I’m a big fan of themed watches, and some brands have really embraced the style. They’re fun and unique, whether representing firefighting like the William Wood Triumph Chronograph or a legendary cartoon character like Bamford’s London Popeye GMT Limited Edition. Bangalore Watch Company has devoted most of its portfolio to watches representing the best of India. For example, the Cover Drive has multiple references to cricket, India’s most popular sport. Its latest Apogee collection looks at 50 years of India’s space exploration with a mature, all-titanium design. We have the Bangalore Watch Company Apogee Horizon on hand, so let’s take a closer look.
INDIA’S SPACE PROGRAMME
The United States, Russia and China are the most advanced when it comes to space travel, each launching their own into orbit, and both Russia and China have maintained proprietary space stations. There’s more to space exploration than that, of course, such as launching satellites and probes, and India has been steadily advancing for five decades. The country was never on the same level as the aforementioned three, but that doesn’t minimise India’s impressive accomplishments. India launched its first satellite in 1975, Aryabhatta, via a Soviet rocket. It wasn’t long, however, before their own rockets were operational as the Indian SLV-3 carried satellite RS-1 into orbit in 1980. This made India the sixth nation to have such capabilities. It established the Indian Space Research Organisation (ISRO) in the late 1960s and is among a relatively small group of countries with sophisticated space programmes today. Recent projects include rockets to both the Moon and Mars. Human space flight is the next step and not far off.
The Bangalore Watch Company Apogee Horizon was inspired by the early years of ISRO – the late 1960s and 1970s – and the name “Apogee” means the farthest point of a satellite’s orbit. The watch presents itself as a tribute to ISRO but otherwise has an intriguing, sophisticated design.
The grade 2 titanium case has a matte bead-blasted finish and unibody construction. The entirety of the case is machined from a single block with just the case back as an additional part (you need access to the movement). The brand aptly calls this a “Unibody” design, and it recalls popular pilot’s watches from the 1960s and 1970s (known as helmet watches). Dimensions are perfect for most wrists at 40mm in diameter and 12mm in height (lug-to-lug is only 44mm). Although the large crowns at 2 and 4 o’clock give the watch a super-compressor look, the internal rotating bezel is not for timing dives but for tracking a second time zone.
The screw-down crown at 2 o’clock rotates the bezel, while the push/pull one at 4 o’clock sets the time and can wind the movement. It’s a bit curious why only one crown screws down, but water-resistance is still a respectable 100 metres. A flat sapphire crystal with an anti-reflective coating protects the dial, while the titanium caseback has an embossed image of India’s first satellite in orbit (Aryabhatta). The 20mm strap is black leather and comes with quick-release levers and a titanium pin buckle.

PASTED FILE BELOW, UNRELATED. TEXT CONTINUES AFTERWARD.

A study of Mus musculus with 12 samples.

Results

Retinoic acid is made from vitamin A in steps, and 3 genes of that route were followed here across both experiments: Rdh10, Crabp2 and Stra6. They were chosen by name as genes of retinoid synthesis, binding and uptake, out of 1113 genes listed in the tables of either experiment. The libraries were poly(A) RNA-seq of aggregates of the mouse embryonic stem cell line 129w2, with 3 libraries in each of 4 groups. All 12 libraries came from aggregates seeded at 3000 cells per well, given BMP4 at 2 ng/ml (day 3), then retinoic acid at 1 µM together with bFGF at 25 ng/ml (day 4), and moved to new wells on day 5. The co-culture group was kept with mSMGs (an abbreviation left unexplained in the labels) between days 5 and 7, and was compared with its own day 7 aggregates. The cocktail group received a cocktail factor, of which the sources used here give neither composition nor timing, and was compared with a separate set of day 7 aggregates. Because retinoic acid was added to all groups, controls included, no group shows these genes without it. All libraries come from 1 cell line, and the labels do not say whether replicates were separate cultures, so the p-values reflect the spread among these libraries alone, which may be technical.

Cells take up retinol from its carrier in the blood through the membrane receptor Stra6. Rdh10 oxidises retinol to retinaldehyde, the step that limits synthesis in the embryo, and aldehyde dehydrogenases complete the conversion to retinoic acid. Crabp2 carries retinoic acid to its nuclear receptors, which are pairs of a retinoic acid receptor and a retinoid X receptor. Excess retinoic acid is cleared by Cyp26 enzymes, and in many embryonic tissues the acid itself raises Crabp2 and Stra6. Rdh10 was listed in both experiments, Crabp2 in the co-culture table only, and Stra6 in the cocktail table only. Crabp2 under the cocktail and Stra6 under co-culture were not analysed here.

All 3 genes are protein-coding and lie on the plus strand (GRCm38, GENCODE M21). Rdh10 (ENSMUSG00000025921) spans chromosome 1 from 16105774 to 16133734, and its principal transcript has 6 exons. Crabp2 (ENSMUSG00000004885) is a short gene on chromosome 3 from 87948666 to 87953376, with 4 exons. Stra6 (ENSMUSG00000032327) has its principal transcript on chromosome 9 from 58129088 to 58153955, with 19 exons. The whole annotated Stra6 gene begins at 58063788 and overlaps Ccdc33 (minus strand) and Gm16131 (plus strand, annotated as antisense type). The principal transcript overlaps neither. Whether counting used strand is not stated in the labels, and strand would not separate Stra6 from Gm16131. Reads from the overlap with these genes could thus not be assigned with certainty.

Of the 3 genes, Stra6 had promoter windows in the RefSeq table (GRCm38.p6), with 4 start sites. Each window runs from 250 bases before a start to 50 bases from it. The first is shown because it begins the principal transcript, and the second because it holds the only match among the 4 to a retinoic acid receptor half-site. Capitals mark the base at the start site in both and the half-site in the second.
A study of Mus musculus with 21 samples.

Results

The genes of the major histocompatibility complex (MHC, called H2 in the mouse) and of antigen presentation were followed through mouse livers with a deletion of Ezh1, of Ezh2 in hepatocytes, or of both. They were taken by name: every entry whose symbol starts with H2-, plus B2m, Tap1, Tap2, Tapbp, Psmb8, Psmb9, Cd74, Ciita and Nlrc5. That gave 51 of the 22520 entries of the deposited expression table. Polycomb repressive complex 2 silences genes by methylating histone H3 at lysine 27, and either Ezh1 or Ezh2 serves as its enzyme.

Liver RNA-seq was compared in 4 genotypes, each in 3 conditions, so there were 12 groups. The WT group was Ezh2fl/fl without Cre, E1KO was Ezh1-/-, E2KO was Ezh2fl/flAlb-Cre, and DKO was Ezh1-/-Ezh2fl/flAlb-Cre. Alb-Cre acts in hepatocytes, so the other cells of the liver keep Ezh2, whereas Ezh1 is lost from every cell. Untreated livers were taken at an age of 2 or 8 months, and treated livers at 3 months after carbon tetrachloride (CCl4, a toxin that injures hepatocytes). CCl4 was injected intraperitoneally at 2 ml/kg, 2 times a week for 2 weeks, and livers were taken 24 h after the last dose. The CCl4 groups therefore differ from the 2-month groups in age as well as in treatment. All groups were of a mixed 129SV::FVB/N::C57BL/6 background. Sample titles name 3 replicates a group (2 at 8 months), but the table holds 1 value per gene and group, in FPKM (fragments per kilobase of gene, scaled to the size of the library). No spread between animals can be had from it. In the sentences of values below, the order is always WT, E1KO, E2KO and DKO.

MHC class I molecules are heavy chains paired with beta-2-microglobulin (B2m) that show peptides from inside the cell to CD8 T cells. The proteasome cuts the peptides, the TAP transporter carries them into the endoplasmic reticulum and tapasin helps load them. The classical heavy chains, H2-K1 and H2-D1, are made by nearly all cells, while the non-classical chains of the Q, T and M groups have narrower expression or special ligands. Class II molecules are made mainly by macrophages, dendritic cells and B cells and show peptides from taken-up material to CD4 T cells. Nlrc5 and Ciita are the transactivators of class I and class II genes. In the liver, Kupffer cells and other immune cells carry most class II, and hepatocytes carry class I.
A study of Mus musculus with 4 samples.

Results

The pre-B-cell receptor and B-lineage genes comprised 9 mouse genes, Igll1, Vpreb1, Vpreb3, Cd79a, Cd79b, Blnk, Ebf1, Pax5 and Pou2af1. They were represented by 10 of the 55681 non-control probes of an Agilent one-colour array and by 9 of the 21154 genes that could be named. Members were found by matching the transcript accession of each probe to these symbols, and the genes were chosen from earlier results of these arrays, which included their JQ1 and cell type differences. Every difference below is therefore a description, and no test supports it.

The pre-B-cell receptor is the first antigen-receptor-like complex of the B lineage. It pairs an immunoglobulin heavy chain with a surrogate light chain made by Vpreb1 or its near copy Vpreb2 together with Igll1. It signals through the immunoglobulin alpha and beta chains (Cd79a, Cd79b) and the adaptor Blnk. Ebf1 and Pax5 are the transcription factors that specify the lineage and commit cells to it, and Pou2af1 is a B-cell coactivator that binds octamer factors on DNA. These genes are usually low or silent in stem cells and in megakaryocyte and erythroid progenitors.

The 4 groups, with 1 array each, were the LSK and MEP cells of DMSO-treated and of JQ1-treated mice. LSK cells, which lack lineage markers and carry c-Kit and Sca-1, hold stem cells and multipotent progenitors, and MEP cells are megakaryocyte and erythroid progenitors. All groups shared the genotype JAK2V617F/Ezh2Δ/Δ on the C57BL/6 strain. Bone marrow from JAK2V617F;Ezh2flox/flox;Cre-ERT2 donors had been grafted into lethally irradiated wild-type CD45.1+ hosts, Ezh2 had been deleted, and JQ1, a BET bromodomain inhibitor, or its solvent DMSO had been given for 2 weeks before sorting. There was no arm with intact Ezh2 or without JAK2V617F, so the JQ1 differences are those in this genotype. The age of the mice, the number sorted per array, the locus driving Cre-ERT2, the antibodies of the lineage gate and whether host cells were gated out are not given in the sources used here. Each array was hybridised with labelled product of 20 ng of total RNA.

BLUE FUMÉ DIAL
The deep blue fumé dial graduates to the edge with a shade of dark grey/black, symbolising the view of earth from orbit. Diamond cut, rhodium-plated applied indices are filled with C3 Super-LumiNova, as are the rhodium-plated hour and minute hands. All emit a green glow. The bidirectional, internal rotating bezel relays a second time zone, while a colour-matching circular date window sits at 6 o’clock. I often prefer round date windows to square counterparts, and it definitely works in this case. I have a pre-production watch on hand, so the printed ring around the date window will have Super-LumiNova on retail models. Above the date window are longitude and latitude coordinates, pinpointing the site where all Indian satellites are launched – Sriharikota. You can call it the country’s version of Cape Canaveral. The dial has a matte finish and contrasts well against the hands and indices.
Powering the Apogee Horizon is a Sellita SW200-1 automatic, an alternative to ETA’s 2824. It’s a proven Swiss workhorse with 26 jewels, 28,800vph (4Hz) and a 38-hour power reserve. Functions include central hours, minutes, hacking seconds and the date. Reliable and ubiquitous, you’ll get a lifetime of use with periodic maintenance.
The BWC Apogee Horizon is one of four models in the collection, distinguished by different dial colours. Actually, the fourth option has an exotic meteorite dial. Known as the Extraterrestrial model, it’s limited to 50 pieces and unfortunately sold out. The other two models have a grey fumé (Deepspace) and green fumé (Supernova) dial. Blue dials are all the rage today, and this one really works with the space exploration theme and is arguably my favourite (although I haven’t seen the meteorite dial). Take away the space references for a minute, and it’s a great looking watch on its own, simultaneously retro and modern. The titanium build makes it durable and lightweight, and it’s also the material of choice in the aerospace industry – a no-brainer for the Apogee collection. I was a fan of BWC’s MACH 1 that highlighted India’s Air Force and MiG 21 fighter jet, and the Apogee Horizon continues to showcase the best of the country with a refined, sophisticated piece.
The Bangalore Watch Company Apogee Horizon is currently up for pre-order with a retail price of INR 68,450, which translates to USD 925 or EUR 805 (approximate). It’s a bit higher than the norm for a microbrand, but not bad for a unibody titanium piece with an internal rotating bezel and blue fumé dial (and Swiss automatic). For more information and to place an order, please visit Bangalore Watch Company’s website.